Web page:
Wi-Fi Helping To Fight War On Terror

KGO - Cell phones have become a key way for terrorists to detonate bombs remotely. But a Bay Area company has developed a possible solution for the military and for airports to pinpoint them before it's too late.

Bradley Rotter, technology investor: "Our enemies are using our technology against us as a weapon against us."

Cell phones are everywhere, keeping people connected. But they're also being used by terrorists to trigger bombs.

This device, called the Air Patrol, is the first of its kind designed to prevent that.

Cell phones are constantly transmitting a signal to stay in touch with the wireless network.

A string of air station boxes can detect and pinpoint the location of switched-on cell phones in places they shouldn't be, such as a checked bag on its way to the cargo hold of an airliner.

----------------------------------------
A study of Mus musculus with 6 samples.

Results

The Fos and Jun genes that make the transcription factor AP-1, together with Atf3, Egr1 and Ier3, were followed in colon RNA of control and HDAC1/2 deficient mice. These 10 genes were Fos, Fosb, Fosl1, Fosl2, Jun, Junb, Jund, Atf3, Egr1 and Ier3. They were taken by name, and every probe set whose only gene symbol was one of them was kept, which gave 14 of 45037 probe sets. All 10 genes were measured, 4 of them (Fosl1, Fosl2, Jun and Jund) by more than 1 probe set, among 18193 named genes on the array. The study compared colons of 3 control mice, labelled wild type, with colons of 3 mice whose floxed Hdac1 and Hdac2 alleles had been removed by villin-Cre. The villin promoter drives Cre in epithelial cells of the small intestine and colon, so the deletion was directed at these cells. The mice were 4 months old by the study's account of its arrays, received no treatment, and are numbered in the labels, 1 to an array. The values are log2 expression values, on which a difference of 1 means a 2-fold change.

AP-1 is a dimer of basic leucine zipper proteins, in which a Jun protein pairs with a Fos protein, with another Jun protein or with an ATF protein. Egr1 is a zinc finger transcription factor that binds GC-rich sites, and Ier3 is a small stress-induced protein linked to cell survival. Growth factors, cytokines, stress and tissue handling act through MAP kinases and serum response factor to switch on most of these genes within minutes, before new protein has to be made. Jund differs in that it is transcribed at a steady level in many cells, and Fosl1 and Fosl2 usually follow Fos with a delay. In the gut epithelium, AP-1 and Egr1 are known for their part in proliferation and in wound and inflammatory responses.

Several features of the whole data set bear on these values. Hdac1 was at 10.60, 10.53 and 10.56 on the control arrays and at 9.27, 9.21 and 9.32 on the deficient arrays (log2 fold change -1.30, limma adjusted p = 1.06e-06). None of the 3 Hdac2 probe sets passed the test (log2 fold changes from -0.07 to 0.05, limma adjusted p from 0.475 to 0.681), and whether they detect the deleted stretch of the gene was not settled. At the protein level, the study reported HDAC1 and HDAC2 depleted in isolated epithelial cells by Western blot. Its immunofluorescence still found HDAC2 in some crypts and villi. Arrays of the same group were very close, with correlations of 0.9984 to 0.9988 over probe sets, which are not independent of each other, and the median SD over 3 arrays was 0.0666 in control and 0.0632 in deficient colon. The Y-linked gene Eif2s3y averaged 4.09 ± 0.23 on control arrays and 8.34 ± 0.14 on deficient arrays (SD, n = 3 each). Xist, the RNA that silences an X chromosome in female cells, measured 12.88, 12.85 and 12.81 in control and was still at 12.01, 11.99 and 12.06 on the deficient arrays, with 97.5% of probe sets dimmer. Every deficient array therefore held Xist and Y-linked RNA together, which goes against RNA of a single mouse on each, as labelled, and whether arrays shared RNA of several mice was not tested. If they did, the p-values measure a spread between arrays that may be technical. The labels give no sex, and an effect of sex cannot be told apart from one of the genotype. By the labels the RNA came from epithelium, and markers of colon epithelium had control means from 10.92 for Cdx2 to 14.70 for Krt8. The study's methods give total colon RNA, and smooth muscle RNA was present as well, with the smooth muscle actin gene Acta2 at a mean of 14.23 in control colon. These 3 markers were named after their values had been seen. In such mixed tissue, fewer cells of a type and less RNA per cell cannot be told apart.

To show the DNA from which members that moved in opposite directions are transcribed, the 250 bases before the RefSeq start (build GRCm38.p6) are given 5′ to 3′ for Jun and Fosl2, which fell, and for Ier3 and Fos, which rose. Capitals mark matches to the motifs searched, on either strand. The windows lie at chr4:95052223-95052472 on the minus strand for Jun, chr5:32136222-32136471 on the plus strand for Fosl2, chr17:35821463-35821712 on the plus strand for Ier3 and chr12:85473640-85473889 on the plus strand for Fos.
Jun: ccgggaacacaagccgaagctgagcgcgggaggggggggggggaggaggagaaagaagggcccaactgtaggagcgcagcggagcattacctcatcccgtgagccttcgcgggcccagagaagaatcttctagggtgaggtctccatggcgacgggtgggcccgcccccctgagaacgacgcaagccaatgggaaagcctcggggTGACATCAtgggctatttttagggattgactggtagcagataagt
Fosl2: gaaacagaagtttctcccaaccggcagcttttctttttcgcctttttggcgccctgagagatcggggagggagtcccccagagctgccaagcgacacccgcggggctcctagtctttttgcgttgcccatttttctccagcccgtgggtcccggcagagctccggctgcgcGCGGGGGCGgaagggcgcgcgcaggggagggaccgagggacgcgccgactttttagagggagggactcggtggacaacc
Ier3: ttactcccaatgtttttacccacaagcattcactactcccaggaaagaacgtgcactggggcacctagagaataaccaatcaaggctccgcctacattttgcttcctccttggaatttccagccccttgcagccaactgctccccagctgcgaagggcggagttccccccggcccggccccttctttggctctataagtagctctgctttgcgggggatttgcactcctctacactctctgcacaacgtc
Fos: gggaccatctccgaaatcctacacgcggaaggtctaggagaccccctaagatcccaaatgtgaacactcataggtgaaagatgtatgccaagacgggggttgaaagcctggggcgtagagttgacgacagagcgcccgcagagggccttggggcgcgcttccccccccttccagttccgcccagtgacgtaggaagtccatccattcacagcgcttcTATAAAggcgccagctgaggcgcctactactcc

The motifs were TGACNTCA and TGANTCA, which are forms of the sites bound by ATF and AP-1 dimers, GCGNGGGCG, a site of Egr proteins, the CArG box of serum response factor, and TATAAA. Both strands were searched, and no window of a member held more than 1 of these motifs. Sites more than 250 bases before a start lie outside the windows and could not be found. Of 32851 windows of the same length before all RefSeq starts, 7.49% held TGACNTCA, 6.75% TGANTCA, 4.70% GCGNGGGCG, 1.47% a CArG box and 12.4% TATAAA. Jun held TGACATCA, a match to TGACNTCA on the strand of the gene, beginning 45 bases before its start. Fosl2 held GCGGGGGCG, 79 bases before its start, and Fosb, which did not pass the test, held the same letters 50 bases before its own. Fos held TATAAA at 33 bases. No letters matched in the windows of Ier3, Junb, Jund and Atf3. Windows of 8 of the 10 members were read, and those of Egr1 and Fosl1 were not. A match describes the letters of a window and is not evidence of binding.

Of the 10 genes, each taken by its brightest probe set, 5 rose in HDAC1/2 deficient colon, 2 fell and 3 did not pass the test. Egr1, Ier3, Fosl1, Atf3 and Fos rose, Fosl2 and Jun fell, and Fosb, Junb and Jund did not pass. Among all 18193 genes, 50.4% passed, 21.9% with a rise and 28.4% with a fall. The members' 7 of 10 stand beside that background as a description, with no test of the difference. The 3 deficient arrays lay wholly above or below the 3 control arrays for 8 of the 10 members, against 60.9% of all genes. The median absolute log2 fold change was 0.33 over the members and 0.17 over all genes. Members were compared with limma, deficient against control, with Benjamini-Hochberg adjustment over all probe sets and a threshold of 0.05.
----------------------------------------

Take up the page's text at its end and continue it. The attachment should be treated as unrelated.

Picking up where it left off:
Nicholas Miller, Air Patrol Corporation: "We would literally be able to detect a case, spot a case with a phone in it and literally watch it go down the conveyor belt."

The cell signal sensor works with computer software to triangulate or calculate the location of the cell phone within 10 feet.

Nicholas Miller, Air Patrol Corporation: "The stronger the signal, the shorter the distance. You then do that for multiple locations, and it's really just like three Boy Scouts standing around San Francisco Bay with a rangefinder, a device that can measure how far a boat is away from them."

The technology was originally developed to pinpoint breaches in a wireless computer network and to keep out hackers.

A defense contractor asked the company to see if it could do the same for cell phones.

The first units will be delivered next month.

As with any new technology, there's a risk that terrorists will stop using cell phones as they learn their location can be pinpointed. That's one of the challenges of fighting terrorism -- staying one step ahead of the bad guys.